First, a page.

Remember the darkest days of 2008, when the big worry around the world was that the global financial system would freeze up?
Well, step out of the time machine dear reader.
We may be approaching that dangerous territory again.
According to today's Wall Street Journal, the Federal Reserve is concerned that the euro zone debt crisis could "eventually hinder the ability of European banks to fund loans and meet other financial obligations in the U.S."
Here's how the WSJ puts it in today's must-read story:
The Federal Reserve Bank of New York...recently has been holding extensive meetings with the lenders to gauge their vulnerability to escalating financial pressures. The Fed is demanding more information from the banks about whether they have reliable access to the funds needed to operate on a day-to-day basis in the U.S. and, in some cases, pushing the banks to overhaul their U.S. structures, the people familiar with the matter say.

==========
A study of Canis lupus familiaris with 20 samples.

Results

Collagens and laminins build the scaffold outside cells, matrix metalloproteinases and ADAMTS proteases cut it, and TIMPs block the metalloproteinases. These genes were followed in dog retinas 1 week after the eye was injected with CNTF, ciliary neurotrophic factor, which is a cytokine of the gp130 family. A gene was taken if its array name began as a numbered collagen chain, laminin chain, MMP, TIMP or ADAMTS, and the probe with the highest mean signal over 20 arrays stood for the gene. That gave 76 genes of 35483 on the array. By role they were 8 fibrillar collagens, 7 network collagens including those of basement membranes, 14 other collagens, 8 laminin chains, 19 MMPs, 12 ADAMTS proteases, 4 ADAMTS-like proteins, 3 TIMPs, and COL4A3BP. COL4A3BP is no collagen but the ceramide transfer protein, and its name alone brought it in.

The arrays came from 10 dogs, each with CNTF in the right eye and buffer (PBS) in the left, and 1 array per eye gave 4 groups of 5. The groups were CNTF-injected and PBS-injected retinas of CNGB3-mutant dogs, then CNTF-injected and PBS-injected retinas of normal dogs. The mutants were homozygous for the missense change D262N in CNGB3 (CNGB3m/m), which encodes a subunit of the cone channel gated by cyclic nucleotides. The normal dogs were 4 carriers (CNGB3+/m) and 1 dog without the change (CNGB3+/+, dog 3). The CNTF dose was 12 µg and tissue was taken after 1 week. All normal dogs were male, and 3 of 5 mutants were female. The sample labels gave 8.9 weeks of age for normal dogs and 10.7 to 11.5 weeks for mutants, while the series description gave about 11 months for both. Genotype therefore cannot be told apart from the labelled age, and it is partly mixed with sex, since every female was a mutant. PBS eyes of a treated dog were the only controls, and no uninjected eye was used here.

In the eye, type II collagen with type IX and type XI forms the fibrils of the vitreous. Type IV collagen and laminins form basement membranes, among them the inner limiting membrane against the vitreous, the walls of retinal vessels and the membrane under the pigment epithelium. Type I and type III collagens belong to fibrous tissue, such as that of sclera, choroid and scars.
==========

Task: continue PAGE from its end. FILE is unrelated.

Officials at the New York Fed "are very concerned" about European banks facing funding difficulties in the U.S., said a senior executive at a major European bank who has participated in the talks.
Regulators are seeking to avoid a repeat of the 2008 financial crisis, when the global financial system began to seize up. This time the worry is that the euro-zone debt crisis could eventually hinder the ability of European banks to fund loans and meet other financial obligations in the U.S. While signs of stress are bubbling up, the problems aren't yet approaching the severity of past crises.
U.S. stocks plunged on those latest contagion fears, as well as on new signs of weakness in the U.S. labor and manufacturing sectors.
The S&P 500 dropped 5 percent, the Dow lost 4.4 percent, and the Nasdaq fell 5.7 percent.
“I think the economic numbers, combined with further problems in the euro zone, is hitting a market that was prone to selling anyway, so fundamentally you are not getting good news,” Alan Lancz, president of Alan B. Lancz & Associates told the New York Times.
“It is a situation where buyers have nothing to hang their hat on, and sellers have taken control once again,” Lancz added.